The economic illiterates in the press sometimes say the fight in Europe is between austerity and Keynesianism, but that’s not accurate. It’s really a battle between those who think big government should be financed by taxes and those who think big government should be funded by taxes and debt.
The good news is that some people understand the real problem. The bad news is that they generally don’t live in Europe. Writing for the Australian, Professor Judith Sloan cites the Rahn Curve as she explains the need to reduce the size and scope of the public sector.
Here’s some of what she included in her article.
The real question that a number of European and other countries should be asking themselves is this: what should be the role of government in terms of providing an environment for economic prosperity and security? There is absolutely no doubt that the size of the public sector and the intrusion of government have grown to excessive proportions in a number of these countries. A pervading sense of entitlement – on the part of retirees, welfare recipients, parents, university students, public servants and others – has been encouraged by these governments, but now threatens to block reform. …What is required is a complete rethink of the role of government. …According to the Rahn curve, the rate of economic growth initially increases with government spending (as a proportion of gross domestic product). Establishing and funding a quality judicial system, defending a country, ensuring the safety of citizens, funding (but not necessarily providing) some basic services: these are legitimate functions of government. But beyond a certain point (about 20-25 per cent of GDP) long-term economic growth tends to fall as government spending rises. This is the zone – well above 25 per cent in most instances – in which EU countries find themselves. …There are a number of reasons why the size of government really matters. After all, government spending has to be paid for by taxes, and almost all taxes reduce rewards for effort. …Moreover, government spending is often not subject to rigorous cost-benefit analysis in the same way private spending is.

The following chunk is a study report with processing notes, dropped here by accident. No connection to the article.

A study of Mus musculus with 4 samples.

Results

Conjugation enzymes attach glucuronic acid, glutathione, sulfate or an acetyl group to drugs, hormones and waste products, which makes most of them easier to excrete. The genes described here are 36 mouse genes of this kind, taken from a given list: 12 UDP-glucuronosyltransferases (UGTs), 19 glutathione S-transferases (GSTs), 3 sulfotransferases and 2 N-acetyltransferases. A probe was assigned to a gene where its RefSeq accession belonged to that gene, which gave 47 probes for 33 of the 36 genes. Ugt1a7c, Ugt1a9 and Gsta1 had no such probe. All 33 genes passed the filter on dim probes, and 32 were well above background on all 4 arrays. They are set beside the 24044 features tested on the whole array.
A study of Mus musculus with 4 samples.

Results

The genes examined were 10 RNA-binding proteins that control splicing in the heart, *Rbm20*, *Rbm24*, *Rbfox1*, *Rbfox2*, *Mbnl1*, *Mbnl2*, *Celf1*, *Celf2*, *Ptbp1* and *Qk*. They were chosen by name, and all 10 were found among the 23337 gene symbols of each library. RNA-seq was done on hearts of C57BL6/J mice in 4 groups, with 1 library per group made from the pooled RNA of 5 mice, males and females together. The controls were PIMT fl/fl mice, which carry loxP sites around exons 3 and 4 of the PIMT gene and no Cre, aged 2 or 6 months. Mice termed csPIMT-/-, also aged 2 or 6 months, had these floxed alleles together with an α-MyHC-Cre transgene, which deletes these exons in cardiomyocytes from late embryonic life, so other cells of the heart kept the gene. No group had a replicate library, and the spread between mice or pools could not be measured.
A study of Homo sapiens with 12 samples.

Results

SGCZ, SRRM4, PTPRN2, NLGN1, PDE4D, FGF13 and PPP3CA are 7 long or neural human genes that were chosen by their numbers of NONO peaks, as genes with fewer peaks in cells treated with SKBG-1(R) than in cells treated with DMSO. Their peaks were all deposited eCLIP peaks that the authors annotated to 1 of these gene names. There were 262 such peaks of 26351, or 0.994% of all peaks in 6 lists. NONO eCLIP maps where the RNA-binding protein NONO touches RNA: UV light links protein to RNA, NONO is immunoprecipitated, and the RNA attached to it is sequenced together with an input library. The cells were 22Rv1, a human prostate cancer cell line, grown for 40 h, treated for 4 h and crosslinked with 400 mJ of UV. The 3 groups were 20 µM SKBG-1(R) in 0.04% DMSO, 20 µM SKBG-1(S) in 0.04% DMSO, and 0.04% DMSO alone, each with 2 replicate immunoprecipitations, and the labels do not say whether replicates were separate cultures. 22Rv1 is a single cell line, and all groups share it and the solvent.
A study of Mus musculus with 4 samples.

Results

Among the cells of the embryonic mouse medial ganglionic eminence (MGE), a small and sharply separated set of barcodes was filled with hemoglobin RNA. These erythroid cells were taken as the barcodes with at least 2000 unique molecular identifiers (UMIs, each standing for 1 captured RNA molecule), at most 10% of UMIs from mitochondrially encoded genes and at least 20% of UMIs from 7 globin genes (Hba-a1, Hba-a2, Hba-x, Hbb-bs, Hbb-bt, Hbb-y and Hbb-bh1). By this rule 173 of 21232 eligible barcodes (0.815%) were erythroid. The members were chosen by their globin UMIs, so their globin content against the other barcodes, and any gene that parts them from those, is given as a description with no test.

To be fair, some people in Europe understand this issue, including economists at the European Central Bank who recently produced a study finding that, “…using a long time span running from 1970-2008, and employing different proxies for government size… Our results show a significant negative effect of the size of government on growth.”
And Swedish economists also have acknowledged the negative relationship between government spending and economic performance, writing that, “…there is a negative correlation between total government size and growth. It appears fair to say that an increase in total government size of ten percentage points in tax revenue or expenditure as a share of GDP is on average associated with an annual lower growth rate of between one-half and one percentage point.”
But these are lonely voices in Europe.
I’ve also weighed in on the topic from this side of the Atlantic, having produced this paper when I worked at the Heritage Foundation, and I also narrated this video for the Center for Freedom and Prosperity.
Unfortunately, all this research isn’t having much impact. Only the Baltic nations have done the right thing and reduced spending. The Germans also have been semi-responsible in the past couple of year, though that’s not saying much. And the Swiss were smart enough not to go overboard for big government in the first place.
What about the other European countries? Well, even though their economies are falling behind, their governments are going bankrupt, and their societies are becoming unstable, the politicians in the rest of Europe don’t seem to care about all the real-world evidence.
They’re still spending like there’s no tomorrow. I just hope American politicians won’t be foolish enough to provide a bailout when the house of cards comes tumbling down.